Shares in Bank of Ireland rose threefold on Friday morning as markets reacted to the fifth – and potentially final – Irish bank bail-out.
Bank of Ireland shares rose almost 32 per cent to 29 cent shortly after 9.15am Irish time as the stock resumed trading.
AIB began the morning session on the Dublin exchange by falling as low as 14.1 cent, but reversed the losses and by 9.15am were trading 27 per cent higher at 24 cent.
The shares climbed after confirmation that the potential total cost of bailing out the Irish banks – in a worst case scenario - rose to over $100billion on Thursday when the Central Bank announced the staggering results of stress tests on the country’s main financial institutions.
Finance Minister Michael Noonan reacted with the announcement of radical plans to change the face of Irish banking forever in a move is designed to win back confidence in Ireland on the international money markets.
The new banking landscape focuses solely on two main banks to serve the country, namely AIB and Bank of Ireland after the government signaled bondholders will not be hit under the scheme.
In a joint statement, the EU, the ECB and the IMF said the proposal was: “A major step toward restoring the Irish banking system to health.”
The three governing bodies also promised to: “Provide whatever money was needed comfortably under the program supported by the EU and IMF.”
As part of the restructuring the EBS group will be merged with AIB, the country’s second-largest bank.
Bank of Ireland must raise €4.2bn by mid-June or it will be nationalized like AIB while Irish Life & Permanent has been given two weeks to draw up a plan to sell its life business and shrink the group into a small bank.
AIB/EBS and Bank of Ireland must lend €12bn to small and medium sized businesses with no bank bonuses to be paid in the future.
The plan creates ‘two new strong universal pillar banks’ in AIB and Bank of Ireland according to Minister Noonan.
“Bank of Ireland will become a significantly more domestically-focused bank and retain its businesses in Northern Ireland, its post office deposit venture in the United Kingdom and limited capital market businesses,” he said.
“The second pillar will combine the strengths of AIB and EBS and again, this will be a largely domestically-focused bank, retaining its Northern Ireland operations and certain deposit-funded operations in the UK.”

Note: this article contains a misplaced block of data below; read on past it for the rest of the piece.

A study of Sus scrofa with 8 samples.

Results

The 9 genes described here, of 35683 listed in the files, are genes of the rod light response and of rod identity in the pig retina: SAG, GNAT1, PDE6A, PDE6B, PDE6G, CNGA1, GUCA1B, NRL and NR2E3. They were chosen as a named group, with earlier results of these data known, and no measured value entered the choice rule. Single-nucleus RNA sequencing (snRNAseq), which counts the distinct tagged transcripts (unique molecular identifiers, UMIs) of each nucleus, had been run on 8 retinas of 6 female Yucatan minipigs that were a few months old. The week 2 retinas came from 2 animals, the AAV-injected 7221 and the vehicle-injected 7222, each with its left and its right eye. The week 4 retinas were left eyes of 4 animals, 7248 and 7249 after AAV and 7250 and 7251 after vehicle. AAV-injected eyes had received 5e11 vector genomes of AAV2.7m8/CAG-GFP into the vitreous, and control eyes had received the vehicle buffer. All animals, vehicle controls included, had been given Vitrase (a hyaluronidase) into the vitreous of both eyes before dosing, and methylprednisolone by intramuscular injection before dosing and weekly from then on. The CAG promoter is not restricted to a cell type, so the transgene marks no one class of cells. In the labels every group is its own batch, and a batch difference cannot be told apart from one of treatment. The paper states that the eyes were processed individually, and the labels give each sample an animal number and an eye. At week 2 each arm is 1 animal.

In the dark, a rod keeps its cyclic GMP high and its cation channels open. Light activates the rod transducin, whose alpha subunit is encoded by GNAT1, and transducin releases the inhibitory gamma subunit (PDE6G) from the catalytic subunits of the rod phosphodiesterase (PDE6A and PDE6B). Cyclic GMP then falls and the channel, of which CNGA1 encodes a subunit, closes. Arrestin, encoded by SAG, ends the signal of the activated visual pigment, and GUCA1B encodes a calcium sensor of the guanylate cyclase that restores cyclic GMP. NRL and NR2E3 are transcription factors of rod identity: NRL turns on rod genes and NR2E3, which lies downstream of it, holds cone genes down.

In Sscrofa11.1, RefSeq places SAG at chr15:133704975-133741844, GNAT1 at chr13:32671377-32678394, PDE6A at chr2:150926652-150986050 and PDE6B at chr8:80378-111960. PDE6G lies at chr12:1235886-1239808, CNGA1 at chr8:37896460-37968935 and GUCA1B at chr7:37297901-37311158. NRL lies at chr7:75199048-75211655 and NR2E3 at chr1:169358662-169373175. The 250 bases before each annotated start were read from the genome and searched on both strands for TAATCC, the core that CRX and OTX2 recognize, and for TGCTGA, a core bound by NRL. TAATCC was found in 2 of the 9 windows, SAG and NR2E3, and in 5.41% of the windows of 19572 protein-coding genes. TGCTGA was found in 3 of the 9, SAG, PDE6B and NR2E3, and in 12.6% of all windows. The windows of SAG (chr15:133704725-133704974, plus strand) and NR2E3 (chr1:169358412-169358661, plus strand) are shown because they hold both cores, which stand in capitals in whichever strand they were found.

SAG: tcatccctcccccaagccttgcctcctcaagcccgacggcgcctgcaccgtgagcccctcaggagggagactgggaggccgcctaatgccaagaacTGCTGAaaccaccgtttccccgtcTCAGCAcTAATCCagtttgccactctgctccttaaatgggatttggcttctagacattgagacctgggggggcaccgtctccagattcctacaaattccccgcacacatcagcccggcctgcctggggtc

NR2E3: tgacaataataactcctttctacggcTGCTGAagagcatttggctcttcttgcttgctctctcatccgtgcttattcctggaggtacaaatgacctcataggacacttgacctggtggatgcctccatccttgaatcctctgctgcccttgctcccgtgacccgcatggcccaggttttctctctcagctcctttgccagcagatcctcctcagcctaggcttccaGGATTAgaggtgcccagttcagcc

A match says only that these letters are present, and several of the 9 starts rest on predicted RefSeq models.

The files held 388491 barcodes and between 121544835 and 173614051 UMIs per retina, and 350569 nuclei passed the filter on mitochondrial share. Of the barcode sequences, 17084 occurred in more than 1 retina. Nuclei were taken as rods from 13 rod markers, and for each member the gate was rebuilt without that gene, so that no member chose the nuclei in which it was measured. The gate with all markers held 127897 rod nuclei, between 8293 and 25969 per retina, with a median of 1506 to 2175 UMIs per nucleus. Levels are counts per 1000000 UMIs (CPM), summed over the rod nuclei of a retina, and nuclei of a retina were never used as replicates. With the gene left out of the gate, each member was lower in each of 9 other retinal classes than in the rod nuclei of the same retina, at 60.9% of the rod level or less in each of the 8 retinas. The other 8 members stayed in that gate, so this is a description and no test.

Minister Noonan promised no half measure in the plan to finally draw a line under the banking crisis and again criticized the Fianna Fail decision to guarantee the debts of the six main Irish banks two and a half years ago.
“Tuesday the 30th September, 2008, will go down in history as the blackest day in Ireland since the civil war broke out,” said Minister Noonan. “The banks were too big for the economy.
“The JCB and the swinging crane had become the logos of the banks, and Irish bankers were as likely to be funding apartment blocks on the Black Sea or dabbling in property schemes in Singapore as they were to be investing in the Irish economy.
“The previous government ducked and dived and procrastinated as it lurched from one crisis to another.”
Central Bank Governor Patrick Honohan admitted that the decision to pump more taxpayers’ cash into the banks isn’t fair but claimed the country has no choice.
“This is the best way forward, but there are no good ways forward,” said Prof Honohan.
“It doesn’t score highly on fairness, another way forward might score a few more fairness points, but it would be biting off nose to spite face.”
Goodbody economist Dermot O’Leary described the results of the stress tests and the bank restructuring as: “The most important milestone in returning the sector to health.”
He added: “The rigorous analysis and scale of published detail provides an important added layer of transparency that was missing in previous tests in Europe in general and in Ireland in particular. We would see these as a step in the right direction but further help from Europe is likely to be required.
“With significant capital buffers going to be in place in the banks, solvency should not be a concern. However, liquidity is still an issue; the absence of an announcement by the ECB on a longer-term liquidity facility for the Irish banking system was a disappointment. However, we would not rule out the possibility of it just yet.”